WELDON SPRINGS — More than two miles into a training run, Arnica Zitting became concerned that her cross country coach had not caught up to the group.
"I asked someone where he was and they said, 'He will catch up, he's just joggling,'" Arnica said.
Sure enough a few minutes later Nate Tower passed the group while joggling, the term for juggling and jogging simultaneously.
"He was making conversation like it was the easiest thing in the world," Arnica said.
Tower, an English teacher, track and cross country coach at Francis Howell High School, picked up joggling more than five years ago. On Nov. 30, he set the world record for one mile of backwards joggling for "The Book of Alternative Records." Yes, that means he juggled while jogging. For one mile. Backwards.
"It is exactly the kind of records that we want to include," Ralf Laue, owner of "The Book of Alternative Records," wrote in an email. Laue's alternative records catalog is not be confused the "Guinness World Records" book.
"We publish only those records that can be attempted by the readers," Laue said. "This means that you will not find any information about the tallest man or the oldest dog, but fun records such as the backwards joggling are the ideal categories."
Started in the 1980s in the United Kingdom, the alternative records project publishes oddities and achievements of humanity from across the globe. Some highlights include the world's largest (unused) barf bag collection (3,728), the biggest potato dumpling (804.7 pounds) and the most balloon animals modeled in one-, three-, six-, 10- and 24-hour periods (529, 827, 1,616, 2,228 and 6,176, respectively).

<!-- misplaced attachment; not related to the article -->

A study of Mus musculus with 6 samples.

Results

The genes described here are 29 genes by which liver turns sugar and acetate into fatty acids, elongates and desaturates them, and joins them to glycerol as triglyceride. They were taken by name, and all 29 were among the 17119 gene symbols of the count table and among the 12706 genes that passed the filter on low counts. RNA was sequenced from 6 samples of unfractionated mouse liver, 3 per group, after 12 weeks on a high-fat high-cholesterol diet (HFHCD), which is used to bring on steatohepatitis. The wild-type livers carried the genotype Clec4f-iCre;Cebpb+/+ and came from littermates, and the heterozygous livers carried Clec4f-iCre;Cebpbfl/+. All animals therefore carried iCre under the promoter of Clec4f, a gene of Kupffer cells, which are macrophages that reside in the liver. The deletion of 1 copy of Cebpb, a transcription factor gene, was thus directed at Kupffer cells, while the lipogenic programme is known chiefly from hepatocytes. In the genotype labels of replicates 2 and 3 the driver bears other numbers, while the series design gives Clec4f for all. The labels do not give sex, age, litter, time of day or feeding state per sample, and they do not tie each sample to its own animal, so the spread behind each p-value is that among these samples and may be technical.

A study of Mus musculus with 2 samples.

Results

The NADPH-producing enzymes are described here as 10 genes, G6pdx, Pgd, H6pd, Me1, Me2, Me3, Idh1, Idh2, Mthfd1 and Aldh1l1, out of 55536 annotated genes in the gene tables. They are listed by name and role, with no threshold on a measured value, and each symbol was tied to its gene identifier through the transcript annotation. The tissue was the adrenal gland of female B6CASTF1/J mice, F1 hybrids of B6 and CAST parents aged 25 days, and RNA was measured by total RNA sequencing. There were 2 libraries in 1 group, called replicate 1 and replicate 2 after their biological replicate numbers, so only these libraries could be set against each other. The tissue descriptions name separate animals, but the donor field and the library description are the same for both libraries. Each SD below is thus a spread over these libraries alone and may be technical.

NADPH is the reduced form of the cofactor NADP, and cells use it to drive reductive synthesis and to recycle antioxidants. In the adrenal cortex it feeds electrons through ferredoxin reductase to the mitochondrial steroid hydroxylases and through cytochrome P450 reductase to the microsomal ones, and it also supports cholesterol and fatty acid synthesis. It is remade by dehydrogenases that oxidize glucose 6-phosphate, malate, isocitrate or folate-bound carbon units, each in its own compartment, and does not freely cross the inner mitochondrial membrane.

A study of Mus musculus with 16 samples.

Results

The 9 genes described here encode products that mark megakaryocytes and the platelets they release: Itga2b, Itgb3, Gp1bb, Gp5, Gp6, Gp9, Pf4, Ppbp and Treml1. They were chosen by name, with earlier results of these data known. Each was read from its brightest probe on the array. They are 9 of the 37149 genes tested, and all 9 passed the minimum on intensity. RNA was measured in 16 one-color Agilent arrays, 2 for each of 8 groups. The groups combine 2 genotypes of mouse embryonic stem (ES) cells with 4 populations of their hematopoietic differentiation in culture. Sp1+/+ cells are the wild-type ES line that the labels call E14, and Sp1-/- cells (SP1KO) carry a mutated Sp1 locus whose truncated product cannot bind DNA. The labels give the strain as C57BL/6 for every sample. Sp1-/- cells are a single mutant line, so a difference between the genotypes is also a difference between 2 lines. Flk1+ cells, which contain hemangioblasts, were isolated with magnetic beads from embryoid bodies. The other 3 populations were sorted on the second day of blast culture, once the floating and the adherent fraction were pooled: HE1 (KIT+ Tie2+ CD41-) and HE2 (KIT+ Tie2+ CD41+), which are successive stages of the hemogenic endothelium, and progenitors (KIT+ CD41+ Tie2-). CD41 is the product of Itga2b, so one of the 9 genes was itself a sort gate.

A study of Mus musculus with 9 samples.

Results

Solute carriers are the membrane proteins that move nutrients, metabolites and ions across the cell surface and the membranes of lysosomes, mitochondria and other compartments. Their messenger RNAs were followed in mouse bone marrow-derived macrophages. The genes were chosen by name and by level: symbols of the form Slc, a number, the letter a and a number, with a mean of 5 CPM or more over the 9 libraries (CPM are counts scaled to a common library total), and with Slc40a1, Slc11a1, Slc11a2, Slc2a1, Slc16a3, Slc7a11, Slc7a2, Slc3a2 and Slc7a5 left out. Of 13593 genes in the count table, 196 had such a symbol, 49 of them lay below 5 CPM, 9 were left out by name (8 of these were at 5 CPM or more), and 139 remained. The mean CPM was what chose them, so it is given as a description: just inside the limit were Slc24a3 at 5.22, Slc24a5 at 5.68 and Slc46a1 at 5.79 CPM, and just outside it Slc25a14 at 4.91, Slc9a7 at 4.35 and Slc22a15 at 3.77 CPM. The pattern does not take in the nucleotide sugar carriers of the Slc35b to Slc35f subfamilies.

Tower, who lives in Ballwin, was the first person to attempt the backwards one-mile joggle for the alternative record book. He submitted a video of his attempt, along with witness testimonies, for review and verification before he could be named a record holder.
Tower was inspired to pick up the hobby after seeing someone joggle the 200-meter dash.
"I had juggled for about 15 years. I said, "I can run, I can juggle, I can do this,'" Tower said.
Tower keeps his juggling objects simple — bean bags about the size of tennis balls. After mastering juggling while walking and perfecting the front joggle, Tower decided to try it backward. He trained for about a month before his record attempt.
"I wouldn't say I went through a really rigorous training process," he said.
With students and school staff cheering him on, Tower's backward joggle mile clocked in at 8 minutes 22 seconds.
A few of Tower's cross country and track athletes have decided to try the skill, including Zitting. "I think it might help out because it helps take your mind off running," Zitting said of joggling's influence on stamina.
As colder months move in, Tower said he'll take a break from long-distance joggling to focus on new feats. He has his eyes set on some new records.
"I want to do a forward mile joggling while wearing a 40-pound weight vest and also want to do the blindfolded 100-meter joggle, but those things are way in the future, especially the blindfolded one," he said.